Leaders Summit Doomed as India Pulls Out to Isolate Pakistan

  • Modi will skip SAARC meet, examining bilateral water treaty
  • Moves come after deadly strike in Kashmir raised tensions

India's Prime Minister Narendra Modi.

Photographer: Manan Vatsyayana/AFP/Getty Images

Indian Prime Minister Narendra Modi stepped up his diplomatic effort to isolate Pakistan by pulling out of a high-profile regional summit two months before its scheduled start.

“Increasing cross-border terrorist attacks in the region and growing interference in the internal affairs of members states by one country have created an environment that is not conducive to the successful holding of the 19th SAARC Summit,” the Foreign Ministry said in a statement posted on Twitter by spokesman Vikas Swarup on Tuesday.

The withdrawal of the region’s largest economy jeopardizes the meeting of the South Asian Association for Regional Cooperation, whose members include Afghanistan, Bangladesh, Nepal, Sri Lanka, Bhutan and the Maldives. It comes after a deadly attack on an Indian army camp that Modi’s administration blames on Pakistan, though Pakistani leaders have denied involvement.

Bangladesh has also pulled out, its State Minister for Foreign Affairs Mohammed Shahriar Alam told reporters in Dhaka. SAARC chair Nepal issued a statement late Wednesday saying it had been informed that Afghanistan and Bhutan would not take part in the meeting scheduled for November 9-10 in Islamabad.

‘Act of War’

“We have taken this development seriously,” the Nepalese foreign ministry said in the statement. “As the current chair of SAARC, the government of Nepal strongly urges that a conducive environment be created soon to ensure the participation of all member states in the 19th SAARC summit in line with the spirit of the SAARC charter.”

Over the past week, Modi’s government has pledged to reexamine a 1960 water-sharing treaty with Pakistan and made fiery speeches at the UN General Assembly as it looks for non-military options to pressure India’s nuclear-armed neighbor. On Thursday it will review its ‘most favored nation’ trade status for Pakistan.

Any step to revoke the water treaty would be seen as an “act of war,” Pakistan’s foreign policy adviser Sartaj Aziz told lawmakers on Tuesday. A spokesman declined to comment further, referring to a statement issued late Tuesday that termed India’s withdrawal from the SAARC summit as “unfortunate.”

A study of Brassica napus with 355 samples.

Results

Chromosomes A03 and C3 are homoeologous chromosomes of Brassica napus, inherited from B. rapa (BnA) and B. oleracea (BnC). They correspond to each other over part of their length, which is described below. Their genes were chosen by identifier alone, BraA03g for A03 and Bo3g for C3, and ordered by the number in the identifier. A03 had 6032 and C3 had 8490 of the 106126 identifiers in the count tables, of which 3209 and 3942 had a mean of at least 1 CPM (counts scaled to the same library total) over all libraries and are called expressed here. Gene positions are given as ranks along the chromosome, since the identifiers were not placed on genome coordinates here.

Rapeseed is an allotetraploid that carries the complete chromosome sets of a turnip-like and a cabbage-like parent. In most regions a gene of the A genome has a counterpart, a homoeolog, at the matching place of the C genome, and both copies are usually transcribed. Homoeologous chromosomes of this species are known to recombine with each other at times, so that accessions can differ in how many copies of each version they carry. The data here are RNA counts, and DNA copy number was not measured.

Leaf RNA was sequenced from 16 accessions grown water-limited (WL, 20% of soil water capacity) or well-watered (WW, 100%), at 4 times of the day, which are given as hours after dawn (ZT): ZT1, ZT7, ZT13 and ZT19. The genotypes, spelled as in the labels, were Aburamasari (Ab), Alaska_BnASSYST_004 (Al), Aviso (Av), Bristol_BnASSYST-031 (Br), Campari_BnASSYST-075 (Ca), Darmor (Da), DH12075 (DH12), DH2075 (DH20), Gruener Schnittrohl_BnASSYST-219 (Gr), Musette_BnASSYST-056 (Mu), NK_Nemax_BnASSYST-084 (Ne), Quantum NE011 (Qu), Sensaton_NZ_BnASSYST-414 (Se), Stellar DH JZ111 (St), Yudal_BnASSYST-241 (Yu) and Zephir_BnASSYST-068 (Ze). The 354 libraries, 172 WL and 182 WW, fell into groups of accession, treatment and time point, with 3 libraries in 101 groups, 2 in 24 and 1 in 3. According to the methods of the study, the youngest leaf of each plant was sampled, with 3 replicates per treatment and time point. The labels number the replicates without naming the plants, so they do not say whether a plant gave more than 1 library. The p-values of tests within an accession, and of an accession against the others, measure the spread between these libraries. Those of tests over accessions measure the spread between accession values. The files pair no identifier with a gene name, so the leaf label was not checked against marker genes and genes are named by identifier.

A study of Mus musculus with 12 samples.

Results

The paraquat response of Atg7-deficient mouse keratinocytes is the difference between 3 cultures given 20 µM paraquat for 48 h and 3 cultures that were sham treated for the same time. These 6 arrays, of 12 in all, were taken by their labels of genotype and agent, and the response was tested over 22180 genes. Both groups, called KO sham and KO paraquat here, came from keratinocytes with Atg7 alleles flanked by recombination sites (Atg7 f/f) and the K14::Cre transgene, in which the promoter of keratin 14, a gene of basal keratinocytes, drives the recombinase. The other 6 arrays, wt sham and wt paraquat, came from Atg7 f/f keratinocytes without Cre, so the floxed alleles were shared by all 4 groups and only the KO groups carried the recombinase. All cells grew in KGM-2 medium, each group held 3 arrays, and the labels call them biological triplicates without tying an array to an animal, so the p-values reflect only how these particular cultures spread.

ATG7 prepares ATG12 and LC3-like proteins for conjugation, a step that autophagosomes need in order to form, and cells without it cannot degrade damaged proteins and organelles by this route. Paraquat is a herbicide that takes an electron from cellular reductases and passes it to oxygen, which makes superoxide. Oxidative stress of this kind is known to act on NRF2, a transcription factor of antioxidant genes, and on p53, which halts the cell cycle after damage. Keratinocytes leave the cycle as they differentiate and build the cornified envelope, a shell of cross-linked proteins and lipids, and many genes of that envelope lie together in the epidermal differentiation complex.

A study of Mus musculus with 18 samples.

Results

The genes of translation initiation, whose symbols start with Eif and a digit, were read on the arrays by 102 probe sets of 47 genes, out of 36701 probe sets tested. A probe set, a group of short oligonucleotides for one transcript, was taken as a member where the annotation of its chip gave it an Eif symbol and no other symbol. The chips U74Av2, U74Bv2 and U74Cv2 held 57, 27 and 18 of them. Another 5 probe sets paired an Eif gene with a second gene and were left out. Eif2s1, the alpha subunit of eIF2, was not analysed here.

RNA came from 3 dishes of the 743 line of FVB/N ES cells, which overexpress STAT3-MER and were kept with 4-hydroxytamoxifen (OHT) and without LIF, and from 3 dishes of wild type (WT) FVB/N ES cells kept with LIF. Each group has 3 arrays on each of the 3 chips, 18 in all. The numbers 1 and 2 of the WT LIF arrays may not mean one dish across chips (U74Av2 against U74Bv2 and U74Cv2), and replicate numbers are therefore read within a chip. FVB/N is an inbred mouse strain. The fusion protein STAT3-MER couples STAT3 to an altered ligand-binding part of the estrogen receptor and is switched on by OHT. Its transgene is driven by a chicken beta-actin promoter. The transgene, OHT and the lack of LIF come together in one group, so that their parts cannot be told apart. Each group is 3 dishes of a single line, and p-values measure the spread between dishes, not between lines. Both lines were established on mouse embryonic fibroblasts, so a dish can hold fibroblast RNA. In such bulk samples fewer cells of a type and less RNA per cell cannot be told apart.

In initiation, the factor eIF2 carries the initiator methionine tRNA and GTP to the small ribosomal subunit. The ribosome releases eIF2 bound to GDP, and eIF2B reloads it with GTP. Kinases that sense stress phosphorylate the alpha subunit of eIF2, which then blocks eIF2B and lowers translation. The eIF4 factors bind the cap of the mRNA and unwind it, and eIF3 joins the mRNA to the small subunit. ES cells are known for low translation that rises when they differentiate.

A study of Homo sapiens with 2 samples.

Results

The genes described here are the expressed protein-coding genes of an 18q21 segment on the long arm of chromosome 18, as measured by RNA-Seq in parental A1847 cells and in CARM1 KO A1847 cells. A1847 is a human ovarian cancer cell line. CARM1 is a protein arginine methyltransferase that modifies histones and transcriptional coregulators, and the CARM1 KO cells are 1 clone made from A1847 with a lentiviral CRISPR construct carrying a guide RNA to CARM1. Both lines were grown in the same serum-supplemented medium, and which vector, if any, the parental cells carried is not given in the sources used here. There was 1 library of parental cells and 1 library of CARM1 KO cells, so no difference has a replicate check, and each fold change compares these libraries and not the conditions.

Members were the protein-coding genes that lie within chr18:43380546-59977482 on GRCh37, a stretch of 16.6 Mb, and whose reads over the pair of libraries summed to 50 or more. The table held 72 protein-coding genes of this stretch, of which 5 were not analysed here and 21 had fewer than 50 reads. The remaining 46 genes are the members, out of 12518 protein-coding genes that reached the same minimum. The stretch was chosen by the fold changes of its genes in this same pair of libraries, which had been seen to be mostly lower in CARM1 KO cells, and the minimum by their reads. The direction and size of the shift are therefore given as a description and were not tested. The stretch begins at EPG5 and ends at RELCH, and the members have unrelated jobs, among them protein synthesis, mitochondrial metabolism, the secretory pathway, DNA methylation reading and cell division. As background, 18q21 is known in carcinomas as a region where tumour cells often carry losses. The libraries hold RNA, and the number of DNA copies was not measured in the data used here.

‘Strategic Shift’

U.S. National Security Adviser Susan Rice called her Indian peer Ajit Doval and reiterated America’s expectation that Pakistan act against terrorists, the White House said in a statement on Wednesday.

“What is happening now is a strategic shift in our policy toward Pakistan, something that was absent in the last 70-odd years,” said Lalit Mansingh, a former Indian foreign secretary. “Before, they assumed that Indian leaders were not strong enough to take action. I think Modi is proving that enough is enough. We will take action. Starting with smaller measures that will pinch and then leading to larger measures.”

To be sure, SAARC isn’t the most productive of groupings. It represents one of the world’s least integrated regions and trade between India and Pakistan was a minuscule $2.7 billion in 2015, less than 0.5 percent of India’s combined commerce with other nations. SAARC members have met only 18 times in more than 30 years mostly because of the historical enmity between its largest members.

Previous Outreach

The move, however, contrasts sharply with Modi’s outreach to Pakistan’s government, including the invite to his inauguration in 2014, which Prime Minister Nawaz Sharif accepted. Sharif in 2013 became Pakistan’s first leader to witness a democratic transfer of power, but the nation has been ruled for most of its history by the military that still wields great influence over policy.

“When Prime Minister Modi reached out to Prime Minister Sharif earlier in his term, he was banking on the Pakistani civilians having enough policy space to engage substantively with India,” said Michael Kugelman, a senior associate at the Woodrow Wilson International Center for Scholars in Washington. “New Delhi has concluded that’s no longer the case.”

The latest tensions were triggered on Sept. 18, when four heavily-armed militants attacked an Indian army camp in the Kashmiri town of Uri, killing 18 Indian soldiers.

The strike will galvanize India’s efforts to create a new eastward grouping, such as the Bay of Bengal Initiative for Multi-Sectoral Technical and Economic Cooperation, or BIMSTEC, said G. Parthasarathy, a former Indian high commissioner to Pakistan. That group includes Bangladesh, India, Myanmar, Sri Lanka, Thailand, Bhutan and Nepal.

“We’ve effectively bypassed Pakistan,” Parthasarathy said. “It’s part of a larger diplomatic strategy that was in the works -- and Uri has provided an additional impetus to move faster.”